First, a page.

La Cruz de Huanacaxtle, Nayarit, Mexico
March 22-26, 2010
There is a big grocery store close by (a 20 minute bus ride away) called “MEGA”. When I shopped there on Monday, the real start of my final provisioning push, my irrational mind kept saying, “this is truly a Mega provisioning run”. My rational mind was countering with, “There are people in French Polynesia and they have to eat, so it follows that there must be food available!” Hopefully, I am getting close to a balance between the stocking-up-when-I-know-I-can mentality and keeping the boat’s waterline above water. My tactic has been to break the daunting task down into smaller chunks. I have had the good fortune to have some people in my corner providing major assistance that has made each task a little easier in one way or another.
For example, our neighbor here at the dock has rented a car for the month and offered it up for my use. This meant that I did not have to load and unload my big old grocery purchase into a taxi (could not have really managed this one with a return bus trip unless I took my whole family with me and that in itself adds a whole other level of complexity that is just not necessary). I also tried to share my good fortune with a couple of other cruisers (I try to keep my balance as high as possible in the karma bank – you never know when you might need to make a withdrawal).
I took a good portion of said groceries bought at Mega to Casa Champagne and was so lucky to be able to use the Anderson’s beautiful kitchen (the one with a fabulous view overlooking the infinity pool out to Banderas Bay!) to make several big quantities of meals for our crossing. The meals are now being frozen solidly said kitchen’s conventional freezer and will be transferred to my freezer aboard CAPAZ the day we leave. The advantage here being that while CAPAZ has a functioning, very adequate freezer, the reality is that when I freeze something, it has to be turned several times so the cold plate can do its job more effectively and actually freeze the item all the way through. Once frozen, our little freeze keeps things in that state pretty darn well!!! So, this was like getting a head start.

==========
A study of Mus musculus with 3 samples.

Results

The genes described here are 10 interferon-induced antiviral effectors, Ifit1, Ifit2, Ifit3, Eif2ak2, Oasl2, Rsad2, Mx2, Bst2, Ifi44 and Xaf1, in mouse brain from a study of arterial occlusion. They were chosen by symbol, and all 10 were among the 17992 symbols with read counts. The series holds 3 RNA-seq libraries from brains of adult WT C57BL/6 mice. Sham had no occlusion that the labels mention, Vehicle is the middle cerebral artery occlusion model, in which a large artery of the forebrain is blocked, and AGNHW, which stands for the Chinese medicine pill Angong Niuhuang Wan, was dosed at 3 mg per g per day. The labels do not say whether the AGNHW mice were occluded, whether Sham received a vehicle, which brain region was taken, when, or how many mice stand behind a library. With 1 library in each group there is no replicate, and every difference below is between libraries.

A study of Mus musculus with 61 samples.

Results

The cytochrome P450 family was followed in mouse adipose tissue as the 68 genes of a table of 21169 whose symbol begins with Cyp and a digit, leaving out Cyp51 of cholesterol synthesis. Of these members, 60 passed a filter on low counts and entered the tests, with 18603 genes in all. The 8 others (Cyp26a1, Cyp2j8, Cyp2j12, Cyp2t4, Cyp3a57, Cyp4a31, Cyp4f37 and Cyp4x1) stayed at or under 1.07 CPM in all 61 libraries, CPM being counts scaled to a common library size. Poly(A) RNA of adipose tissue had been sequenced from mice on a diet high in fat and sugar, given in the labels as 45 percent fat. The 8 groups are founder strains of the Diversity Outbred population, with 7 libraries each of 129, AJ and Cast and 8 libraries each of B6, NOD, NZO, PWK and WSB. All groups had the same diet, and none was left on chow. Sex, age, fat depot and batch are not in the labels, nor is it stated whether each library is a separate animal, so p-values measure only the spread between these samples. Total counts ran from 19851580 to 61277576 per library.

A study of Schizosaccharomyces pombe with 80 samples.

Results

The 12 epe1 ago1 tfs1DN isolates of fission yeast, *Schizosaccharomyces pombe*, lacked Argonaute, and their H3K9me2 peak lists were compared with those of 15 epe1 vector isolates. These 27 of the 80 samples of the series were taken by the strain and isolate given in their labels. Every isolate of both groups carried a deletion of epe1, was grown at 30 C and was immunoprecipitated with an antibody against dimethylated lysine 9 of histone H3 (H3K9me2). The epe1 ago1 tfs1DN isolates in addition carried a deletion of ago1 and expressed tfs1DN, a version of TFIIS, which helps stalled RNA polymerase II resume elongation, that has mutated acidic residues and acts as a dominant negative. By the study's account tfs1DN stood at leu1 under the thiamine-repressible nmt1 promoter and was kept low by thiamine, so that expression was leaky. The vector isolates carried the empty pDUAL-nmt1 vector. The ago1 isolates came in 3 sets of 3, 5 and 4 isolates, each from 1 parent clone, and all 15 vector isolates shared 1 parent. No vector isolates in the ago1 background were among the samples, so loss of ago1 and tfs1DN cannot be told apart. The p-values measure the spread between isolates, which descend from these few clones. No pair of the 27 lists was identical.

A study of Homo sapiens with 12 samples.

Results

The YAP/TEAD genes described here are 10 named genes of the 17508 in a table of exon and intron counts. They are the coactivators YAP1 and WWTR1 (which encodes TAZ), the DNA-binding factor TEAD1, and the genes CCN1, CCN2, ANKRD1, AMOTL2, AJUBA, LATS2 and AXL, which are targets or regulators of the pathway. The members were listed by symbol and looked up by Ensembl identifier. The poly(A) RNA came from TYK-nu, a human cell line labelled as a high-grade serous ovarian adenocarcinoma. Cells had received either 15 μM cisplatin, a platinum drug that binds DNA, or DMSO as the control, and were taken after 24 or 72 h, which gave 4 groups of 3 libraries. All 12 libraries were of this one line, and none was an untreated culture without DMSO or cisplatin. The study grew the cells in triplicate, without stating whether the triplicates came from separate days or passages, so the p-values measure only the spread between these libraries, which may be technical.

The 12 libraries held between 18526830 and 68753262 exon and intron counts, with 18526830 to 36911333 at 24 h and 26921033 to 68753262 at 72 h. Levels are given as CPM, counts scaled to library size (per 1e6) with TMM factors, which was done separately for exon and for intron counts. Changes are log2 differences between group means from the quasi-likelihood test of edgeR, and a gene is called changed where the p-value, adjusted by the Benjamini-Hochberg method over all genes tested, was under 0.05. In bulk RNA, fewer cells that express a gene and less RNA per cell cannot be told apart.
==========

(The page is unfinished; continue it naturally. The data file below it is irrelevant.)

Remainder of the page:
View from the kitchen where I “toiled” over a six burner stove
Casa Champagne from the road
COSTCO on Friday. I won’t say anymore about this except that I have the use of a t-r-u-c-k!
The last run will be for fresh fruits and vegetables and any last minute items that our friend who is joining us as crew for the crossing might need . . . . . . . that’s what I am going to tell him anyway. I really just want a hand carrying groceries!